California Cannabis Equity Alliance Demands Focus on Social Equity in Cannabis

The California Cannabis Equity Alliance is planning a protest for cannabis justice on Monday, May 17th.
California Cannabis Equity Alliance Demands Focus on Social Equity in Cannabis

California has long gotten flack for not being an inclusive space for social equity and taking the steps some other states have as far as inclusion. Now, a group of social equity leaders from across the state who make up the California Cannabis Equity Alliance are planning a protest that will lay out their demands and wishes for the state. 

This Monday, May 17 at 9:30 a.m. PST, on the west steps of the State capitol, the group is going to meet and lay out their “vision for economic justice and fairness” in the state’s cannabis industry. 

Speakers at the event will include Kika Keith, president of the Social Equity Owners and Workers Association in Las Angeles; Malaki Amen, Executive Director of California Urban Partnership/Institute for MORE in Sacramento; Nina Parks Director of Equity Trade for Original Equity Group in San Francisco; Lanese Martin, director of The Hood Incubator in Oakland; Cesar Casamayor of The People’s Dispensary in Fresno and Amber Senter, director of SuperNova Women in Oakland. 

“California made some progress in reinvesting cannabis tax revenue to support youth programs and address  severe trauma, but the state continues to ignore the business development problems created by its legacy of racialized marijuana policy enforcement,” said Malaki Amen, executive director of the California Urban  Partnership, according to a press release. “The real truth here is that the state cannot claim to support the Black and Brown children of Drug  War survivors; especially when it is deliberately transferring billions in generational wealth away from their  families.”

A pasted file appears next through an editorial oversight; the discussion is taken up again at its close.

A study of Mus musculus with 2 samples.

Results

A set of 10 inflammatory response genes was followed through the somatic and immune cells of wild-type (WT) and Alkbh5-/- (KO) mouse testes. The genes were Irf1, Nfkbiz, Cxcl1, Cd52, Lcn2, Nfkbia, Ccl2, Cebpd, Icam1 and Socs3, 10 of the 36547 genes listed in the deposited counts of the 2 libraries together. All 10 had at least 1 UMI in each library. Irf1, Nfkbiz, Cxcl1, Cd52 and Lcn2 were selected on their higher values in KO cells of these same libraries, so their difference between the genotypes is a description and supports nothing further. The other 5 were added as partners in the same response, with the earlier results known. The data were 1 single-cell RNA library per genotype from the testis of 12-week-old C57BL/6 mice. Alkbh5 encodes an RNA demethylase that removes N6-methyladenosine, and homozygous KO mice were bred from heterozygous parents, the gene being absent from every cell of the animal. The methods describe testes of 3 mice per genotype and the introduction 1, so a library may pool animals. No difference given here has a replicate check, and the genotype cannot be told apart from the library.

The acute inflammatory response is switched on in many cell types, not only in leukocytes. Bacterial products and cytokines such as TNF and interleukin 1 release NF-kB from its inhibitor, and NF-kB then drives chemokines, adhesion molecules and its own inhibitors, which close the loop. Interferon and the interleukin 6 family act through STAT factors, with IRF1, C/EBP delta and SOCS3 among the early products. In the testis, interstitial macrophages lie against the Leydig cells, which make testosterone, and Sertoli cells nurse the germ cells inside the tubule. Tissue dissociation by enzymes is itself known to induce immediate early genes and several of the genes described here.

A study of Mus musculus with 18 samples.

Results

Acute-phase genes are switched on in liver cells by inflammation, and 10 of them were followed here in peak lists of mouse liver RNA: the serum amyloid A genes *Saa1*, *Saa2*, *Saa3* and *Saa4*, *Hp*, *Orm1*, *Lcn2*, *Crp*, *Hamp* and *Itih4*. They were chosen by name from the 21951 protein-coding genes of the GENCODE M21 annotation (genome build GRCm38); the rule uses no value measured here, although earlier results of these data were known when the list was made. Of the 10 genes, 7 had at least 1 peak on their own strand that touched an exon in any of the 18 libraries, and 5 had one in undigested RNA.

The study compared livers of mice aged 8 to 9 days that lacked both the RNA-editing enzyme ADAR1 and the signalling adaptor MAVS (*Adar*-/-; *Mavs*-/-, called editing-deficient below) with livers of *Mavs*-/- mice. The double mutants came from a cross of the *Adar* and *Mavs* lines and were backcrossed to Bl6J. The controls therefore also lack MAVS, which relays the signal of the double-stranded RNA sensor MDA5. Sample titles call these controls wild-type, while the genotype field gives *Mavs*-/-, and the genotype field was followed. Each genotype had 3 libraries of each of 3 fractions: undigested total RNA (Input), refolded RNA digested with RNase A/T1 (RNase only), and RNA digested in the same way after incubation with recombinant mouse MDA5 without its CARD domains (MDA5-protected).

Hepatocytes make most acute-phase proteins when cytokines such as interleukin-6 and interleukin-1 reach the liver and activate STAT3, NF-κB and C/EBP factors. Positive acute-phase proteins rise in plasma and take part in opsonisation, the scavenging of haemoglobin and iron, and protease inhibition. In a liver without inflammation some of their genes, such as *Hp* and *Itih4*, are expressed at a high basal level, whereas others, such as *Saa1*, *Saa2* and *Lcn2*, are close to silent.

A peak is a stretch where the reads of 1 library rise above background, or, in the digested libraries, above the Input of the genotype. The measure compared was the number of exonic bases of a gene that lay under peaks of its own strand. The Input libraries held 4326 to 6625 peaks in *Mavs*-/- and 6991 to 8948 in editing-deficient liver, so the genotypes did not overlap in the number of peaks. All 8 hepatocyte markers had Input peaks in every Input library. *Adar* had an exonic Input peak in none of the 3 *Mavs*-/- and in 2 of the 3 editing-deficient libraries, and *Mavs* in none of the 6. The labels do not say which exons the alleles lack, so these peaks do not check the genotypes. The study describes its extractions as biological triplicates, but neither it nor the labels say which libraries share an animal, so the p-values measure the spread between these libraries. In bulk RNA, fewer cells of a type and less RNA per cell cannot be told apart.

State funding for enforcement against cannabis operations that are in error is currently at $89 million in California, which is much higher than the funding allocated for social equity programs. Currently, the budget for social equity is only $15.5 million in California. Social equity programs can help those impacted by the war on drugs, or those disproportionately represented in the industry, get a leg up and join the industry. The focus in California, according to the coalition, is still on wealthy, non-marginalized investors.  

“At a time when state marijuana tax revenues have grown from around $500 million to just under a billion dollars annually, we continue to see increases in funding for a new Drug War in California,” said Kika Keith, president of  the Los Angeles based Social Equity Owners and Workers Association. “Justice demands that California stop  funding a new Drug War. We need the state to provide the capital and environment necessary for social equity  operators to have fair market share in the legal cannabis industry.” 

Support For The California Cannabis Equity Alliance

While this action is from a private group outside the government, it already has some government support. Senator Steven Bradford, a Democrat hailing from Gardena, is going to be in attendance at the demonstration in support of social equity and the California Cannabis Equity Alliance. He is also the author of SB 1294, the bill that passed in California that set the initial framework funding social equity in the state.

Anyone who wishes to join in and help support these efforts is welcome to join the California Cannabis Equity Alliance on the west steps of the Capitol Building on Monday, May 17 at 9:30 a.m. PST. Participants are asked to wear a mask to the demonstration.There will be more information soon on how to join via livestream or share virtually.

As demand for social equity and a focus on people of color and other minorities gaining access in the cannabis industry continues, groups like the coalition are calling on lawmakers and those in power to help make changes so that more people have a chance to get in on legal cannabis.

  1. If it were only Blacks that got arrested for marijuana and made second-class citizens for life, maybe it would be a good idea to just look at Black communities. – But, of course, that is not the case.

    FBI statistics show that 40 percent of all arrests for marijuana are of white people. While 60 percent are of Blacks, how can this massive injustice for white victims be ignored? Isn’t discrimination against smaller group numbers a bad thing?

    Further, these “social equity” programs don’t even help a significant number of Black victims of the war on marijuana consumers. Just a very few, lucky (well connected?) Blacks will benefit.

    What we should do instead is simply compensate ALL the victims of this insane witch-hunt. Younger victims should get paid job training and placement. Older victims should just get a pension. Funds could come out of the marijuana taxes, and, clearly, would be the best use of those taxes.